Yesterday as I watched the US women make it look so easy to score five goals in the World Cup finals, I wondered if other people in other professions could ever make it look so easy to achieve five goals.
Here are five goals that learning and development professionals might want to consider. They’re certainly not easy to accomplish, but the key here is to make achieving them look easy.
1. Solve a real problem. There’s a lot of talk in training circles about how learning and development professionals shouldn’t just be “order takers”, developing training just because someone thinks “more training” will solve a problem. In order to solve a real problem (as opposed to a perceived problem), L&D professionals will need to partner with those requesting training, asking the right questions and serving in a consultative role. Here are 7 questions (and a mad lib) that could be helpful in deciding whether there’s a problem that training will actually be able to solve.
2. Measure. I’ll be the first to admit that learning efforts can be incredibly difficult to measure. However, just because it’s hard to measure does not give L&D professionals an excuse to not measure. I’m currently in the midst of reading Integrated Talent Management Scorecards: Insights from World-Class Organizations on Demonstrating Value. It’s full of case studies, ideas on how to measure and ideas on how to isolate the effect of a training program on performance. Perhaps you have different ideas on how to measure, which is fine. The thing that’s not fine is to say that your organization should continue to fund your efforts even though the service you provide is intangible and not easily measured.
3. Develop yourself. My friend and new employee onboarding genius Michelle Baker often notes that L&D departments are like the cobbler’s children who have no shoes (meaning L&D folks often work to help others improve, but don’t invest many resources in their own development). Shelling out a few thousand bucks for conference registration and travel expenses can be nice (or it can be a big waste of money), but it doesn’t take a lot of money to develop yourself. Read a book (if you’re not sure where to start, here’s a list of 40). Or join in a tweet chat. If you’re developing your elearning skills, try the eLearning Heroes Weekly Challenge.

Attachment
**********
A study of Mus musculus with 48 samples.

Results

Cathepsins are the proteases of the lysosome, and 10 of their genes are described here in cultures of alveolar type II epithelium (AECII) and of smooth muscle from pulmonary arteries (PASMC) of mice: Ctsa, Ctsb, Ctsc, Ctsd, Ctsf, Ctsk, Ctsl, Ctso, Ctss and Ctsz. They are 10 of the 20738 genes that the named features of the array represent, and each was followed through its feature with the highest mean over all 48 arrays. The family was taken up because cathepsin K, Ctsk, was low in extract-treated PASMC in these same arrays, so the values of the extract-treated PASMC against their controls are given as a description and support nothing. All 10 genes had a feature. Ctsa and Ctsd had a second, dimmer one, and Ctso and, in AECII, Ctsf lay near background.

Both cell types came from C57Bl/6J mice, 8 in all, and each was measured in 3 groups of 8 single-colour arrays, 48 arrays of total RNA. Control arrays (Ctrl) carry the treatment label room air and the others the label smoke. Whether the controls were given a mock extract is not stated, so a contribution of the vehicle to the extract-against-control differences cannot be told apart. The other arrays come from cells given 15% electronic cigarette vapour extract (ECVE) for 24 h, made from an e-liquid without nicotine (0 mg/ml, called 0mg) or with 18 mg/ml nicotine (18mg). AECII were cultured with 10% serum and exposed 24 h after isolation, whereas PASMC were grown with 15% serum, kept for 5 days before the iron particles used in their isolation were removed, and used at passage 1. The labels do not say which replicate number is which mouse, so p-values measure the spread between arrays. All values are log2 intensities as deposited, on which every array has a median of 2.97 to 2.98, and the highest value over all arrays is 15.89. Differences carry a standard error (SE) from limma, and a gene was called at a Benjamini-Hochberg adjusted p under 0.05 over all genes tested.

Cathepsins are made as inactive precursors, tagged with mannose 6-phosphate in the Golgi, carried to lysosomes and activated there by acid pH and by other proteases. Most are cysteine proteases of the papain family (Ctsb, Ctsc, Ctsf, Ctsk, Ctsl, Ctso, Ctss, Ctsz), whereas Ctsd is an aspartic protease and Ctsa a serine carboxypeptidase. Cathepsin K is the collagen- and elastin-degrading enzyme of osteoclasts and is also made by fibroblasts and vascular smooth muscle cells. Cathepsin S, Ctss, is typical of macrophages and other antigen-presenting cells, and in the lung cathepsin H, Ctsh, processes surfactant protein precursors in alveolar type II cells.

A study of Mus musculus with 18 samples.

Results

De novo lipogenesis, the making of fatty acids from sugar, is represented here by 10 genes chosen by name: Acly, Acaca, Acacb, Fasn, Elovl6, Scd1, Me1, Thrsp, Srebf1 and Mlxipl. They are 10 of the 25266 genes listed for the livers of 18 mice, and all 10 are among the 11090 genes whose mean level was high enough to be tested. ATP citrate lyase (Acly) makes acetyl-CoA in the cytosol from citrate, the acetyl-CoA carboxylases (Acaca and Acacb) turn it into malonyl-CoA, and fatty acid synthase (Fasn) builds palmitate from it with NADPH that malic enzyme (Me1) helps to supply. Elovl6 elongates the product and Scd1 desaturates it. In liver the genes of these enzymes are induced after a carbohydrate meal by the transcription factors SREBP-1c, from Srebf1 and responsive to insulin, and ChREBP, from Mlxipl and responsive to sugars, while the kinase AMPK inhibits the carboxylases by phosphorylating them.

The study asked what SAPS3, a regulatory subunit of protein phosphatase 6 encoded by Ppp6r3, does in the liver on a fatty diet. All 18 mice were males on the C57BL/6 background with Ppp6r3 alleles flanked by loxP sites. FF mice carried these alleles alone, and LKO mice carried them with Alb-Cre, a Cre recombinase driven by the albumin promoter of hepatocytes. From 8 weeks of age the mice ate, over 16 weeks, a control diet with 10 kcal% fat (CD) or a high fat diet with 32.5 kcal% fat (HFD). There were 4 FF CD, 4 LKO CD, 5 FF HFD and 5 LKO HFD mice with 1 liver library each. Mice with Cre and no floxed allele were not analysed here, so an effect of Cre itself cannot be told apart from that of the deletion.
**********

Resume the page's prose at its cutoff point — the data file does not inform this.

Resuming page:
4. While you’re at it, take full advantage of your professional membership. If you’re one of tens of thousands of L&D professionals who are members of the Association for Talent Development, are you taking full advantage of your annual membership fee? In addition to the monthly subscription of TD magazine, did you know you also have access to download full-length ASTD Press publications, copies of Infoline (which is now called TD at Work), articles from the ATD library archives and research reports? Premium members of the eLearning Guild have similar benefits that you need to act on in order to claim, such as one free conference registration and access to dozens of recorded webinars.
5. Reflect, then put those reflections into action. We all have some good days and some bad days. It doesn’t always serve us well to put those things behind us. What makes the good days so good… and how do we replicate those things? What makes the bad days so bad… and how do we mitigate or avoid those things as we go forward? Perhaps you’re the type of person who wants to keep those thoughts to yourself. That’s fine. Keeping a private, professional journal can be an effective discipline for personal development. Perhaps you’re the type of person who prefers to “learn out loud” or simply share your experiences. Blogging or otherwise publishing your reflections can be a powerful way to crystalize your own thoughts as well as a way to integrate more social learning into your routine.
There you have it, in the spirit of the US women’s 5-2 victory over Japan (U-S-A! U-S-A!), I offer to you five goals that can be challenging, but L&D professionals should strive to make look easy. What would you add?